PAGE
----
How To Elevate Your Family Life With New Career Skills
Making a better life for you and your family can mean different things. You may want to cut back on the number of hours you work or quit that second job. Your spouse may want to stay home with small children or go back to school. No matter your ultimate goal, the steps below can help you on the path to an elevated family life.
1. Bring Your Children Into The Loop
If you have a career goal that includes a year of coursework, bring your children into the process. For example, your classes may be online. You may need to do your homework after dinner. Now is the time to bring your children into the process by
- assigning cleanup chores or tasks
- using a timer to keep everyone focused
- blocking out homework time for everyone in the house
Age-appropriate chores are good for your children, especially as they come to understand what you are doing and why. You may find that your efforts both increase your child’s understanding of your goals and their desire for a career in the future.
2. Do Things That Scare You
Part of putting your strengths to work is understanding what you’re not good at. We all have skills that come a bit easier than others. For example, you may want to go to a Toastmasters meeting and learn to speak in public.
As you improve by scaring yourself a bit each day, you will find that your confidence level goes up. For example, you may have sweaty palms about speaking in front of strangers, but that friend who really has all their finances together will be easier to talk to. If you’re in the market for a mentor or a coach, the ability to ask is key to finding the right person.
3. Make a List of Your Strengths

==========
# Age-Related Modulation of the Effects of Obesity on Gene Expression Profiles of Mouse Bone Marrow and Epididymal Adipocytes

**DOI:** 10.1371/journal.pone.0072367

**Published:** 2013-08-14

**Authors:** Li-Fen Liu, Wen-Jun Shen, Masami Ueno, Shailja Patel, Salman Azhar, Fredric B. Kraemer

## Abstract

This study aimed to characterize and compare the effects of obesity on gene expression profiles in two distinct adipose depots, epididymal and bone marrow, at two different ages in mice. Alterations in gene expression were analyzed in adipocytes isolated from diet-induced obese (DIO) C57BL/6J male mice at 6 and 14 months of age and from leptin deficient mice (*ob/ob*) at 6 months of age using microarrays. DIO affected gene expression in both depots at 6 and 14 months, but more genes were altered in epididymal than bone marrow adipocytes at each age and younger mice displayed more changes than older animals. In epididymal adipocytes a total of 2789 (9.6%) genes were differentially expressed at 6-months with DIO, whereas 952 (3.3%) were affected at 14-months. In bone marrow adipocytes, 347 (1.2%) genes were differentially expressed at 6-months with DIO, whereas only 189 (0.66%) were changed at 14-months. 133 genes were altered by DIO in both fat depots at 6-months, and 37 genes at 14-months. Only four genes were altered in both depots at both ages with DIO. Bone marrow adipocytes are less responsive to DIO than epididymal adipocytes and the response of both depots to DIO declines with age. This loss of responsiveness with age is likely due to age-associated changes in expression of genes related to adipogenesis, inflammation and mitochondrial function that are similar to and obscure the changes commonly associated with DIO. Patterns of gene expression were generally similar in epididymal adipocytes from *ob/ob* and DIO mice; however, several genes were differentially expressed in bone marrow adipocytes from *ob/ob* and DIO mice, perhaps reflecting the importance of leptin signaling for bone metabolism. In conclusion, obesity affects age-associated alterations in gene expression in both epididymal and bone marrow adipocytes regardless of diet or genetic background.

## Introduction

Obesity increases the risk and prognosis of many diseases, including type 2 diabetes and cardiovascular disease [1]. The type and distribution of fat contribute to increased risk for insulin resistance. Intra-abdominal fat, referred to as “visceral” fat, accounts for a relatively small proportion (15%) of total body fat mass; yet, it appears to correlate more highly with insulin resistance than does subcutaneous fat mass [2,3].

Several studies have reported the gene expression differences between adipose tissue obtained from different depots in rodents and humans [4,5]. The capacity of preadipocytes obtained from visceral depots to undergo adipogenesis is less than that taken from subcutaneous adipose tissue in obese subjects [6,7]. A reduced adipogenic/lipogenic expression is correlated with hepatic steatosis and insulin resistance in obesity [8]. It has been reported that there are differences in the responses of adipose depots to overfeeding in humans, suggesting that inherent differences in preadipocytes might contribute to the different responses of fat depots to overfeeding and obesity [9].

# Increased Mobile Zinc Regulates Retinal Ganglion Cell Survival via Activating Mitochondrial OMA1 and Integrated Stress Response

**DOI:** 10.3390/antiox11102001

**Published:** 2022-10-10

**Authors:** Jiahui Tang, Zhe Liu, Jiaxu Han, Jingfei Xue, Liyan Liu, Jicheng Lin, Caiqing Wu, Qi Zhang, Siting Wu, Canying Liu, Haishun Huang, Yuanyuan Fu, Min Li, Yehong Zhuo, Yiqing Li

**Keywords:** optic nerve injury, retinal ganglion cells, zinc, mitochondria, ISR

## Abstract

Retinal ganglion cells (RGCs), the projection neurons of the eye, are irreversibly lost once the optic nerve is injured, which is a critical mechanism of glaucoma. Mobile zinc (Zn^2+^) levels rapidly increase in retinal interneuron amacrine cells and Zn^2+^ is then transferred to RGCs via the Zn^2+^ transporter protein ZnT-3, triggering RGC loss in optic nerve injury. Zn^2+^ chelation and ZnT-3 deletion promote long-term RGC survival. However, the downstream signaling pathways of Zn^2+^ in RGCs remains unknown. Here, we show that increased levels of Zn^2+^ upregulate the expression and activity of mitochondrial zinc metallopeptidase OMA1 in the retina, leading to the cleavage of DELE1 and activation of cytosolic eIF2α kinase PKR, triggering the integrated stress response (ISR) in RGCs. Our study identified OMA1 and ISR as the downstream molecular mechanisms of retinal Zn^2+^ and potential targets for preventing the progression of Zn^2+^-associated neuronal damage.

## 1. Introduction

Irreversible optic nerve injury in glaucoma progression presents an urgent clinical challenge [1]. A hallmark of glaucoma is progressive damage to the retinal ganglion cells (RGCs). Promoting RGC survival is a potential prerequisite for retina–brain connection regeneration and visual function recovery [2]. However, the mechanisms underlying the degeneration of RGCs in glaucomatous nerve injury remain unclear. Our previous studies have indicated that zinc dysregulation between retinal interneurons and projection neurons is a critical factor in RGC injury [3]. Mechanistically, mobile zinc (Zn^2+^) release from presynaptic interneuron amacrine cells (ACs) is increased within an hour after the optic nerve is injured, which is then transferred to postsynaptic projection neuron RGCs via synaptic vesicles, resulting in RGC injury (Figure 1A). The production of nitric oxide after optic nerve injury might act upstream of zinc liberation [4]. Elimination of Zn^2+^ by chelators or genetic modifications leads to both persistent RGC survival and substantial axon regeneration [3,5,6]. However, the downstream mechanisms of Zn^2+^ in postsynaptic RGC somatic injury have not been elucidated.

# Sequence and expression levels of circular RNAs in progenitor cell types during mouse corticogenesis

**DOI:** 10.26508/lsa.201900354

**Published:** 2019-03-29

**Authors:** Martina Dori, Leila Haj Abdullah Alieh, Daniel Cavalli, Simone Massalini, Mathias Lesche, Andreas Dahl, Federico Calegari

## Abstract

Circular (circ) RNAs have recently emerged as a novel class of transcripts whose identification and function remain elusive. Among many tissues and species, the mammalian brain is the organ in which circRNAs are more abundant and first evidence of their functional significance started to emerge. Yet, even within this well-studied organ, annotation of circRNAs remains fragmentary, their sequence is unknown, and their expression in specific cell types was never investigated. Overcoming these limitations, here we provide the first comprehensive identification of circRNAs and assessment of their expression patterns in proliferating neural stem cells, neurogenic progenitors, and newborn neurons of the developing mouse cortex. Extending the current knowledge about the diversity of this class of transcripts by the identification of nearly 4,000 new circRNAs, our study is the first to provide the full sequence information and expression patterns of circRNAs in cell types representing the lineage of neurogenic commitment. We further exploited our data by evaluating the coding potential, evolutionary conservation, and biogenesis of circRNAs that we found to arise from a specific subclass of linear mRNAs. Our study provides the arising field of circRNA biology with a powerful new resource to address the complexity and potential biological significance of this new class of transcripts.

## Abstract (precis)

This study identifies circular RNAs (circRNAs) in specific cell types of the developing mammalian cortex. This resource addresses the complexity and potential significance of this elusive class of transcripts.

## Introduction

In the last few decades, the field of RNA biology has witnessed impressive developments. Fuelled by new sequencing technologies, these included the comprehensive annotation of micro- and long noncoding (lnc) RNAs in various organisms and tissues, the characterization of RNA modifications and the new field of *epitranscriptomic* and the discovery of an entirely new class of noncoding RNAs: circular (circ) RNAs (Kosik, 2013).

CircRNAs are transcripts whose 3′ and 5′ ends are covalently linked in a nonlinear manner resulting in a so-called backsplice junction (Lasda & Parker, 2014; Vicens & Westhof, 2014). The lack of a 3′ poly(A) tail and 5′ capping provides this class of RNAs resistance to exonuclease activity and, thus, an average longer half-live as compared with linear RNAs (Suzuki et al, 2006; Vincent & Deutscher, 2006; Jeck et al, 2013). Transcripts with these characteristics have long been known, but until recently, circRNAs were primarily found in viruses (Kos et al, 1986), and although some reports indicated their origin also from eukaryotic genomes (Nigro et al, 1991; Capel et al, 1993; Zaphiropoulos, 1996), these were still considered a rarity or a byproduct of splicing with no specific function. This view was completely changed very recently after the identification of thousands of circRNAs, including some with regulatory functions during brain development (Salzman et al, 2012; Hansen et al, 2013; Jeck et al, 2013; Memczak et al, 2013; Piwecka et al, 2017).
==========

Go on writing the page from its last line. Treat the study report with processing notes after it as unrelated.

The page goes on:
Connect with friends and family you trust and ask them for an honest assessment of your strengths. You may find that you already have many of the skills an electrician needs, such as problem-solving skills and the ability to work independently.
Dig down into this conversation. If your mom says that you’re always tidy, figure out how that can help you improve your career. Does that mean that you’re pretty organized? Does that mean that you declutter regularly? Does that mean that you always put things away at the end of a project?
4. Keep A Journal Of Your Improvements
If you’re always pushing yourself to learn new things and to try something scary, you may start to worry that you’re not much of an expert on anything. However, this is the furthest thing from the truth. Keep a journal and note, each day, what you learned that you didn’t know yesterday.
Maybe you picked up a new perspective as a public speaker. Maybe you learned how to time the telling of a joke. Perhaps you learned of a new website to help you improve your writing skills or found a new organizational practice that will shave time off your tidying efforts. Note them, and on the days when you feel that you’re just spinning your wheels, review the journal to see just how far you’ve come.
5. Look For A Mentor
Take a look around you and note which person in your circle is really working on their life in a way that you respect. For example, you may have a family member who’s turning a side hustle into a business. You may have a friend who’s working and going to school.
Reach out to these folks. Yes, they are busy. That’s part of what you admire! Take them to coffee or, if funds are tight, bake some muffins and take them a treat. Give them time to prepare for your meeting by asking them
- why they’re working so hard
- what habits or practices help them manage
- what ideas they can share
As you start on your journey to building a better career, you will also build skills and hacks that make life easier. Connect again and present these ideas; your mentor may help you tweak them, or they may just add them to their own skillset!
A better life is possible with a career change or improvement. No matter your current educational level, you have inherent skills and earned knowledge that can make life better for you and your family.